POSTED: 06:08 a.m. HST, Jun 27, 2012
NORFOLK, Va. >> The commanding officer of the USS Bataan walked into the wardroom of his amphibious-assault ship where about 200 mostly young sailors were crammed into chairs, along walls and behind the salad bar and wasted no time getting to the point: Sailors don't let other sailors commit sexual assault.
"It's a crime and everyone needs to understand that it's a crime," Capt. Erik Ross said after a third of those in the room raised their hand to say they knew a victim of sexual assault. "You and I need to look ourselves in the mirror. We need to understand that you're on duty 24/7. Even though you're out on the town on liberty ... it's your duty to interfere. It's your duty to intervene. That's it."
Frustrated by a lack of progress in reducing sexual assaults among sailors, the Navy has put unprecedented attention on the issue this year. High-ranking Navy leaders are likening it to their crusade years ago to stop rampant drug abuse and say it is not only dehumanizing to the victims but also threatens their operational readiness.
Regardless of location, most sexual assaults in the Navy occur after a night of drinking and officials say many of them could be prevented if someone had spoken up sooner to stop that chain of events. The focus is nothing short of an attempt at a significant cultural shift in the Navy, where men and women work in close quarters and often go out drinking together in foreign ports after months at sea.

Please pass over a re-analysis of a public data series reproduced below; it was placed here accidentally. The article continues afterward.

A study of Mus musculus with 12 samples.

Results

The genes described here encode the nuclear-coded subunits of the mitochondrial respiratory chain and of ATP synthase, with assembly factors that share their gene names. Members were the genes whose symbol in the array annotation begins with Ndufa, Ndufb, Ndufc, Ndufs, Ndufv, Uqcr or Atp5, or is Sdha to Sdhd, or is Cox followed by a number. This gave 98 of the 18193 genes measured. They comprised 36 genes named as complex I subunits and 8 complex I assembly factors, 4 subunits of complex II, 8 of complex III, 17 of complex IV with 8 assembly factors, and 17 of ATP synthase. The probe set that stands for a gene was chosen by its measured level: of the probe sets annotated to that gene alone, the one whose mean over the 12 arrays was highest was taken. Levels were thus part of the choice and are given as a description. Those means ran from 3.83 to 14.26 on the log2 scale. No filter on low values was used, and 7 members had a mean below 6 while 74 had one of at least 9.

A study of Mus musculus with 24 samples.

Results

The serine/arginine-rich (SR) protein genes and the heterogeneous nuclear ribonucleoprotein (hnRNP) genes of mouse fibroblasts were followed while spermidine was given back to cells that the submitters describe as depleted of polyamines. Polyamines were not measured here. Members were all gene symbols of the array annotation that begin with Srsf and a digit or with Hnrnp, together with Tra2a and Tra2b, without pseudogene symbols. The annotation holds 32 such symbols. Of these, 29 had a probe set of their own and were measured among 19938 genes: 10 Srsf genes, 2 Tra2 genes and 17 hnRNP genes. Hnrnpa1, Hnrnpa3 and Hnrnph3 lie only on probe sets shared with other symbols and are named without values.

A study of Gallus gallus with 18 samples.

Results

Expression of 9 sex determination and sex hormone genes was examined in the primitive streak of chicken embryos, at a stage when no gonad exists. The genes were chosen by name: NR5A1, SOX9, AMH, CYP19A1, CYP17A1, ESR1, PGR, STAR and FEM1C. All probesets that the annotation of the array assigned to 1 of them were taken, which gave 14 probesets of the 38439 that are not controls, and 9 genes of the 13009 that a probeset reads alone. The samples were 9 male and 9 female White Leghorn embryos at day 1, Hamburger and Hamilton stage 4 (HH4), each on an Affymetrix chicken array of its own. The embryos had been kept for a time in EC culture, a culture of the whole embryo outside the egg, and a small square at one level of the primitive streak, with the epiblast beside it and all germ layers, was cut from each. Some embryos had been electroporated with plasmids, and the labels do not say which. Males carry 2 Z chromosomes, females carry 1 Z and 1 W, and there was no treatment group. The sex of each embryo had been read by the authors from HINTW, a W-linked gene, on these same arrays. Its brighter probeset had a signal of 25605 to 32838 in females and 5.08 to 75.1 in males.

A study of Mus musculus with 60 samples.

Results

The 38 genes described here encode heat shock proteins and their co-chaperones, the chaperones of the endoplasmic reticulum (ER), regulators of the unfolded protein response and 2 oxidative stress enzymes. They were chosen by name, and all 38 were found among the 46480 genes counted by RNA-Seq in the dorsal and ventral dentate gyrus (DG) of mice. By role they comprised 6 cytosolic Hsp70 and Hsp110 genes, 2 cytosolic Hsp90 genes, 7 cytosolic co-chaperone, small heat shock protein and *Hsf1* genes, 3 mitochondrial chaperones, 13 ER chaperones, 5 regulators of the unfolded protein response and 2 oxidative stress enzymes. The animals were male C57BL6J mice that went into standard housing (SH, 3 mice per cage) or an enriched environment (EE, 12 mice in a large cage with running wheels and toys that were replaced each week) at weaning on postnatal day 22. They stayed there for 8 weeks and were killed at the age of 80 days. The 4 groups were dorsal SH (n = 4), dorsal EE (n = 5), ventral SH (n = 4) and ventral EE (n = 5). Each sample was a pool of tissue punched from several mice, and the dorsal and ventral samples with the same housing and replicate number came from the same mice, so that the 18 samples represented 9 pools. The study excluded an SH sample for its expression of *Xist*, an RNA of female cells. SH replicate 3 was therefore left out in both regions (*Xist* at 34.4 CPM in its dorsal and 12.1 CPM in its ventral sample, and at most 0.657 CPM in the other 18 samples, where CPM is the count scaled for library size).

The Navy receives two to three reports of sexual assault a day and has for several years. While the Navy has long taught the importance of preventing sexual assaults, Navy officials say it hasn't worked its way deep enough into the command climate to result in significant changes.
In 2011, there were 610 reports of sexual assault. That's one less than the previous year.
Critics say while it's a good thing the military is focusing on preventing sexual assaults, they say real change won't occur until there are more successful prosecutions. The Defense Department has estimated that 86 percent of sexual assaults go unreported, an indication that some are worried about the effect reporting an assault may have on their career as well as their mistrust of the military prosecution system.
"They do say they want to change, but I feel a lot of it is lip service until we see a higher prosecution rate, until we see more rapists sent to prison for rape," said Panayiota Bertzikis, executive director of the Military Rape Crisis Center. "The bottom line is a felony has been committed and they have to start treating it as a felony."
To that end, the Department of Defense recently announced plans for each service to have "special victim unit" capabilities to ensure that specially trained investigators, prosecutors and victim-witness assistance personnel are available to handle sexual assault cases.